Principle 7

Communication of scientific information for decision support outside the scientific community is more effective when professional means of communication are employed.


Effective communication is best targeted using means of communication which have been demonstrated to be effective. There are long literatures in social science and psychology about the interpretation of numerical and descriptive statements and whether these match up with the intended interpretation. The best way to communicate the same insight to different target audiences is expected to differ, as is the best way to communicate different scientific insights to the same audience. 


The IPCC have attempted to standardise communication about uncertainty ranges using a quantitative scale of likelihood and qualitative scale of confidence in that likelihood assessment (e.g. “likely (high confidence)”). The scale itself is not totally coherent, and its use in practice is patchy, inconsistent, and confusing to many readers. In addition, the statements to which the uncertainty language is attached need to be unambiguous in content and refer to a real-world variable (see Principle 4).

We would like to see greater use made of evidence from the literature in social science and psychology to inform design of more effective communication methods. Professional communicators (as opposed to professional scientists) may also have useful insights to share.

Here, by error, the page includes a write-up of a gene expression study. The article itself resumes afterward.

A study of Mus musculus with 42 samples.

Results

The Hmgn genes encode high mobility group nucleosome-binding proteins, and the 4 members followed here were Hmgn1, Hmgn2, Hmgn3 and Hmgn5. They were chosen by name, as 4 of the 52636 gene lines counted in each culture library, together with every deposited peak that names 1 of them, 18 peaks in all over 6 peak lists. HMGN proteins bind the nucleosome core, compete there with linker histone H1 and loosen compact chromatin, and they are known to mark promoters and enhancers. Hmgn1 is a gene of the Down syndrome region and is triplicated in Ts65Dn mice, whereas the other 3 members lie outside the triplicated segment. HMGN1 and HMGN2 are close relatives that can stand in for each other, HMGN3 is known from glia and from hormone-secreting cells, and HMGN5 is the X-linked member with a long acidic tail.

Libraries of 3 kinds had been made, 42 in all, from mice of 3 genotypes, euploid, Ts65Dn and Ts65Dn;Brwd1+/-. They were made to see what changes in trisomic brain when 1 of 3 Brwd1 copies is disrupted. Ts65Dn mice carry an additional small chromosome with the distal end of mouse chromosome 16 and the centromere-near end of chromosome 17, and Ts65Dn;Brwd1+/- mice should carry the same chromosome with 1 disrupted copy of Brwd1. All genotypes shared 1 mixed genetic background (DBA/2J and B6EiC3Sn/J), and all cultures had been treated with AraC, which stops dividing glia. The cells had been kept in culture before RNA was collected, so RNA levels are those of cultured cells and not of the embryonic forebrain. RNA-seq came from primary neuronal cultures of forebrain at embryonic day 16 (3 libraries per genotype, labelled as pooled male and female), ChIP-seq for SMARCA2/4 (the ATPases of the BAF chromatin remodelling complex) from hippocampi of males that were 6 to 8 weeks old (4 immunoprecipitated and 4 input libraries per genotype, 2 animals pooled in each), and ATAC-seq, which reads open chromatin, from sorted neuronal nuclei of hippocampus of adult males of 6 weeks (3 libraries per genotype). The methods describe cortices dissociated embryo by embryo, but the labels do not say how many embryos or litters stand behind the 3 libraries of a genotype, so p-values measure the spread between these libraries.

References and further reading

Budescu, D. V., Por, H. H., Broomell, S. B., & Smithson, M. (2014). The interpretation of IPCC probabilistic statements around the world. Nature Climate Change, 4(6), 508.

Bradley, R., Helgeson, C., & Hill, B. (2017). Climate change assessments: Confidence, probability, and decision. Philosophy of Science, 84(3), 500-522. 


Luke Bevan - P07-2307
(also kind of applicable to 6 & 8) There is currently a decent literature about how people interpret risk-based or probabilistic information and how best to communicate this. There are also beneficial spillovers from other fields where risks must be communicated (e.g. medicine). What there is less of, is an understanding more generally about the communication of uncertain (non-risk) information. There have been some calls to professionalise/streamline the communication of climate information for lay audiences by using these risk-based techniques. However, this approach may run afoul of where people try to shoe-horn all uncertainties into being a form of 'risk' and leaving out deeper uncertainties.